Avalon renting premises to become profitable again
Nightclub Avalon, which rents out its premises to companies to hold events, claims it has cleared most of its debts
What is happening to mega nightclub Avalon?
When it opened on one of the floating crystal pavilions at Marina Bay Sands in 2011, it was touted as one of the big names in the clubbing scene, with its Hollywood branch popular among celebrities.
When The New Paper visited Avalon last week, its signage had been replaced by French luxury fashion brand Louis Vuitton's.
Louis Vuitton is holding its Series 3 Exhibition in Avalon's premises till Dec 23.
When TNP contacted Avalon's director, Mr Peter Coney, he said that the nightclub was still in operation, but its premises would be rented out to companies that want to hold events there.
He said that this is so that Avalon would not make losses for the remainder of the 10-year lease that it had signed with Marina Bay Sands.
The Australian, who came on board in late 2012, told TNP that his goal was to make Avalon profitable again after it went into the red.
He said it has been trying to pay off creditors.
Mr Coney claimed that Avalon is not making losses, thanks to the new way it is being marketed.
"We have partnered with other organisers and held events such as pole dance night and belly dancing night," he said.
"We have also rented out Avalon's premises to other companies to hold their events and we will continue doing so.
"Following the Louis Vuitton exhibition, Avalon will be reinstated next month."
Mr Coney said the newly refurbished Avalon will be very different from what patrons of the old Avalon were used to.
He declined to give details on its transformation, adding that it would be a surprise.
When asked to respond to allegations that Avalon owes unpaid salaries and unpaid dues, he said: "We have asked the people who are owed money to accept a payment plan.
"We needed time to make back the money and pay them.
"Those who were not patient, like TurningPoint Solutions, took us to court and we lost.
"The company did not understand that we couldn't have dragged the cash out of nowhere."
He claimed that he and accountant Andy Yap have cleaned up around two-thirds of Avalon's debt.
As for unpaid wages, Mr Coney claimed that he was unaware of any such case.
He urged those who claim Avalon owes them wages to contact Mr Yap so that they can sort the matter out.
We have also rented Avalon's premises to other companies to hold their events and will continue doing so.
- Avalon's director Peter Coney
Companies try to claim $1.5m
At least 14 lawsuits have been filed against Avalon's owner, Crystal Pavilion Marina Production.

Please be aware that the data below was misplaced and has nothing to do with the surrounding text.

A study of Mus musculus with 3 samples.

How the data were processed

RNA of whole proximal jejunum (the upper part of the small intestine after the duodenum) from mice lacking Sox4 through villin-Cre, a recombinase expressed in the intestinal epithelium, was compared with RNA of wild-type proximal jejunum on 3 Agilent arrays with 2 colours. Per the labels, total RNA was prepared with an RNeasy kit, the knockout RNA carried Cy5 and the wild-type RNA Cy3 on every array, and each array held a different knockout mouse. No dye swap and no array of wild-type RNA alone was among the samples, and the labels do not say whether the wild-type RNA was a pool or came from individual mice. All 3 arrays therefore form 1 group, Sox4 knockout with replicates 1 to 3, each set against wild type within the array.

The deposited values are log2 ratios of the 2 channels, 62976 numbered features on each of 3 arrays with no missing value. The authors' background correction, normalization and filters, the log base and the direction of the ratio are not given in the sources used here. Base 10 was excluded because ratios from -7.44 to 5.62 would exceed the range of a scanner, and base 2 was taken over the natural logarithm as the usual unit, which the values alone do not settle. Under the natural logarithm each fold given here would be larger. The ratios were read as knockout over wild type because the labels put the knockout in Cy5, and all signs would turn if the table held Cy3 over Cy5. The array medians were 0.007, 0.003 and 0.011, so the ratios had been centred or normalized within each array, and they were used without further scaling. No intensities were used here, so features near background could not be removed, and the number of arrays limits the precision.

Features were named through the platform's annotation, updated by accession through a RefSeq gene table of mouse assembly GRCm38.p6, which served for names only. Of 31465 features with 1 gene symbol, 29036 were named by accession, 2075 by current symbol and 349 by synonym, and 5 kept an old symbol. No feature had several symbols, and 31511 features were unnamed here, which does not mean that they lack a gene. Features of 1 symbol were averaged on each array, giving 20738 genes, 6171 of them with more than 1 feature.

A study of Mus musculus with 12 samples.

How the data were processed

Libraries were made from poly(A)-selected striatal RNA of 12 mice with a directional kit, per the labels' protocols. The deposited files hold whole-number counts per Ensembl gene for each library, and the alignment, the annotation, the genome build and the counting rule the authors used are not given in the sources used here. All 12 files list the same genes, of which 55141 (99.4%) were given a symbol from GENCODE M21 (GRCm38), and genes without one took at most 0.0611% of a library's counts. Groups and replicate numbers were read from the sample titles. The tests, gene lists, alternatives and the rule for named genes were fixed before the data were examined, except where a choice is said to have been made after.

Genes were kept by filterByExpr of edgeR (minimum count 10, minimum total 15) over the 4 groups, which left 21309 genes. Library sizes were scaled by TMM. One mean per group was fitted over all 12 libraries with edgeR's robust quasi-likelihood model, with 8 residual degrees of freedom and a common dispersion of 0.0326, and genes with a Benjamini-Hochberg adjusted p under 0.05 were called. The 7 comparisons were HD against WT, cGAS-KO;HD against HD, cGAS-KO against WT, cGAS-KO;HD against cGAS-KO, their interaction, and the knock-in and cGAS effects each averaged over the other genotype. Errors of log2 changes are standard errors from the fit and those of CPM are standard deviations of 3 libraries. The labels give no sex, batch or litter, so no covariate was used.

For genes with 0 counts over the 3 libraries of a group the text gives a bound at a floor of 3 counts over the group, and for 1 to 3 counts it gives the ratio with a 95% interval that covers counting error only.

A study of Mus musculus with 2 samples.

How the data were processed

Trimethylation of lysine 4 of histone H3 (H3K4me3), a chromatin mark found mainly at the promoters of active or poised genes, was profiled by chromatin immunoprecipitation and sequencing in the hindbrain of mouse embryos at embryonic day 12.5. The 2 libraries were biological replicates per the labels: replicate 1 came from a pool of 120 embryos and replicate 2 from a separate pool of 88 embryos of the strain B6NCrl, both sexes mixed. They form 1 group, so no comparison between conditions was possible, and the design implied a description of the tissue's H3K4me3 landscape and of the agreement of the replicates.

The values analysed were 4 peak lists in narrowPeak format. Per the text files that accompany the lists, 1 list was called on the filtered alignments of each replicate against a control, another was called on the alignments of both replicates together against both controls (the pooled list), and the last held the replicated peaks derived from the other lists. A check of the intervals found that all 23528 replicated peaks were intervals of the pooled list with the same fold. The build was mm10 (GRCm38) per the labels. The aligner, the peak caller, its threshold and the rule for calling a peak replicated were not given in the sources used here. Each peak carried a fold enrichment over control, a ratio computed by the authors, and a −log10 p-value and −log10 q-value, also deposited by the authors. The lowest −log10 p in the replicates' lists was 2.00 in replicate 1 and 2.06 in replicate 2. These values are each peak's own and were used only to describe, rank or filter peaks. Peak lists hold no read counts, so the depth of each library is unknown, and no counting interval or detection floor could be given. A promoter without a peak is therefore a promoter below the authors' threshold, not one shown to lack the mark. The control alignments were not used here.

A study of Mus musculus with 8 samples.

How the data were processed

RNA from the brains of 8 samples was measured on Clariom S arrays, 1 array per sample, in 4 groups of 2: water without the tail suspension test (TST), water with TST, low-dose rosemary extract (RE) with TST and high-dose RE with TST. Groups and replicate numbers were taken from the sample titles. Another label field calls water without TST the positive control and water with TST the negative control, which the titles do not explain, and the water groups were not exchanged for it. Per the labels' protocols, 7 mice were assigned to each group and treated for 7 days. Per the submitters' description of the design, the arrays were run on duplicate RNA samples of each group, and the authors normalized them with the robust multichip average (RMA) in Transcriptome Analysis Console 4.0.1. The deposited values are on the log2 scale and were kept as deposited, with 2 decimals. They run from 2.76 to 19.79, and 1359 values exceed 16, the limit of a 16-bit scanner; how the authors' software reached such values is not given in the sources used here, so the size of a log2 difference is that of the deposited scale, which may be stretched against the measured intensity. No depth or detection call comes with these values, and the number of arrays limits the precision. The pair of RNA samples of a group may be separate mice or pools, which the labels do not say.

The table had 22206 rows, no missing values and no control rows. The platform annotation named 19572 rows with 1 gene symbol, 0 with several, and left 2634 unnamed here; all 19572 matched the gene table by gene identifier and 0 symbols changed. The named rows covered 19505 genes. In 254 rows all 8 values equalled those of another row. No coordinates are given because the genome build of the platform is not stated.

According to court documents, the total amount of money that the plaintiffs are suing the company for is more than $1.5 million.
One of the plaintiffs is business events and live communications agency TurningPoint Solutions.
In August, the court ordered the defendant, Crystal Pavilion Marina Production, to pay TurningPoint Solutions $26,883.83.
TurningPoint Solutions' director Peter Pecotic told The New Paper: "Our Singapore office entered into a contractual relationship with Crystal Pavilion Marina Production (CPMP) in April 2013, providing services including marketing, business development and business event execution.
"One example was a particular multinational company awards dinner with around 1,500 guests.
"These events were executed outside of normal nightclub operating hours."
Mr Pecotic said Avalon stopped paying its dues around September 2013, but they continued working together on Avalon's assurance that it would pay up in due course. But the promise never materialised.
Mr Pecotic said his company ceased working for Avalon in January last year.
In September last year, he engaged a lawyer who formally commenced legal proceedings and issued demand letters to CPMP.
"After we received judgment in August, our lawyers, under our instruction, had applied to garnish one of CPMP's bank accounts in September and found that said account to be empty."
Mr Pecotic said that taking action against CPMP has taken up a lot of his time and energy, but he is going to pursue it as a matter of principle.
"We have always found Singapore a safe and great place to do business.
"We believe it beneficial both to our company and the greater Singapore business community that they (CPMP) are held to account."
There were also allegations of unpaid wages.
A man, who asked to remain anonymous, claimed that he had wage problems since 2014.
He said: "I have not taken legal action against Avalon yet because the lawyer's fees may amount to more than what I am owed."